The financial burden shouldered by families residing at locations across the state jumps significantly when hidden assessments are figured into the ratio, indicates the latest annual study conducted by the Utah Taxpayers Association.

The independent public policy organization based the report on the earnings and spending of the households, including taxes directly paid by families and payroll assessments covered by employers.

The direct expenditures include income, sales and property taxes.

In addition, the association based the evaluation on an adjusted gross household income of $53,151, the median earnings for a Utah family in 2001.

The typical Utah family also lives in a home with a market value of $147,600, according to the criteria outlined in the report.

The report categorized the typical taxes and fees into seven major groups.

•Employment or payroll taxes - The category represents the largest single group of related expenditures.

Paid by employers, the taxes in question include workers compensation, unemployment insurance as well as the companies' share of Social Security and Medicare.

In 2001, employment taxes comprised 7.6 percent of total income in Utah. Slightly more than one quarter or 27.1 percent of the typical Utah family's taxes fell under the category.

•Employees are required to pay 6.2 percent of wages toward Social Security and 1.45 percent toward Medicare. The amount is matched by employers.

The employee paid portion of Social Security and Medicare comprised one-quarter of all taxes and 7.1 percent of total income in 2001.

•The typical Utah family's federal income tax was 3.8 percent of total income.

The percentage of income consumed by the federal income tax was considerably less in 2001 than the share was several years ago due to the introduction of the child tax credit.

Without the $600 per child credit, the federal tax burden for the Utah family would have been 7 percent of total income in 2001. The total tax burden would have amounted to 31 percent of the household's income.

•State and local taxes, including income, sales, vehicle and property assessments, comprise 34.3 percent the typical family's public financial burden and 9.7 percent of total household income.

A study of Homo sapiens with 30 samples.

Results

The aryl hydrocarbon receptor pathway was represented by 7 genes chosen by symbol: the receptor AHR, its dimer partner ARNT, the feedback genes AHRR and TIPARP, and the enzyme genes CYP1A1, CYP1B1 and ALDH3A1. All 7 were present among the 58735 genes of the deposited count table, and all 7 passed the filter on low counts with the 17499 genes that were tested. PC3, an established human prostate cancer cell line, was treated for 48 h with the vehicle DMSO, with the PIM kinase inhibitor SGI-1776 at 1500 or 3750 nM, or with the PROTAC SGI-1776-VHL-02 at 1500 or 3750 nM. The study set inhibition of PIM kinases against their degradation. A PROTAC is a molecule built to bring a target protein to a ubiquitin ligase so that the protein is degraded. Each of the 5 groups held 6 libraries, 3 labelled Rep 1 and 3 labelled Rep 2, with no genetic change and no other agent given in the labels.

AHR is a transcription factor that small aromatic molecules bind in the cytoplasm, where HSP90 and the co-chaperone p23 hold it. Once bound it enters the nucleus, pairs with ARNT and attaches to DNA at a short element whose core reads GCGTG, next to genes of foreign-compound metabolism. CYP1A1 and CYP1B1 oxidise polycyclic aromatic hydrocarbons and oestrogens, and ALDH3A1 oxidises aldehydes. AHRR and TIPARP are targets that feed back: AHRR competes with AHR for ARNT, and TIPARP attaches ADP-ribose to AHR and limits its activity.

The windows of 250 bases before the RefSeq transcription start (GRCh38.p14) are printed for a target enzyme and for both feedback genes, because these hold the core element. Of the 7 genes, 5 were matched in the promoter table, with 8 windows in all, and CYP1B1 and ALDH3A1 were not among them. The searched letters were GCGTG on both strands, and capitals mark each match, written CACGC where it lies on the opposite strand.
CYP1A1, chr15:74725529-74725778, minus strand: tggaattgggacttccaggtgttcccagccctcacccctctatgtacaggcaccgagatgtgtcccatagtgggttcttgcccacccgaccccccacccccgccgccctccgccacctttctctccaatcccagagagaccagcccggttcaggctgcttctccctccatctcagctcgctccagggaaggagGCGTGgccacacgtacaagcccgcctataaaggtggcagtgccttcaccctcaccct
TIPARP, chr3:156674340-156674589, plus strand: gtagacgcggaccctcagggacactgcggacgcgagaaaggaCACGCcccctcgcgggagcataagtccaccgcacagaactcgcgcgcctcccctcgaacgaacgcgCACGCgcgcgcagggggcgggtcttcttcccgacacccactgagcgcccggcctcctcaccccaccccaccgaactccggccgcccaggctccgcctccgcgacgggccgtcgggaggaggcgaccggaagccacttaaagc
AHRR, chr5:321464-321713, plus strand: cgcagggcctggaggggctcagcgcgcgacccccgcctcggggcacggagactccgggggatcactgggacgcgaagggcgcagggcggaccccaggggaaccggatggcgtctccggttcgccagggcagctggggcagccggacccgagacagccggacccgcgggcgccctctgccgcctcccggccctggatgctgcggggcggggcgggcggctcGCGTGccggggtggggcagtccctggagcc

The state income tax constitutes the largest financial burden shouldered by the typical Utah family. The state tax consumes 3.4 percent of the household's total income.

Sales and excise taxes follow at 3 percent, property assessments at 1.8 percent and auto taxes at 1.5 percent. Auto related expenditures include state and federal gas taxes as well as fees in lieu of property taxes.

Indirect or hidden taxes imposed on businesses and passed on to consumers, investors or employees were not included in the study, points out the independent public policy organization.

According to a study conducted by the Utah Tax Commission, businesses paid 42 percent of all property assessments collected statewide in fiscal year 2000.

Businesses also paid 34 percent of all sales taxes collected across the state, 10 percent of all state income taxes and 100 percent of severance as well as unemployment insurance taxes in 2000.

When major state and local taxes are combined, Utah businesses paid 29 percent and households paid 71 percent. The majority of economists agree that businesses do not actually pay taxes. Businesses collect taxes and pass the costs on to customers in the form of higher prices, to workers in the form of lower wages or to shareholders in the form of lower profits.

If the portion of state and local taxes paid by businesses were passed on to households, the state and local portion of the Utah family's burden would be four percentage points higher, raising it to 32 percent.

Since state and local taxes tend to be regressive, a disproportionate share of the increase would be borne by lower income households.

Some financial analysts believe that if the hidden taxes that result from federal business taxes were added to the state and local hidden taxes, the Utah family tax burden would jump from 32 percent to 35 percent or more of total income, concluded the association's study.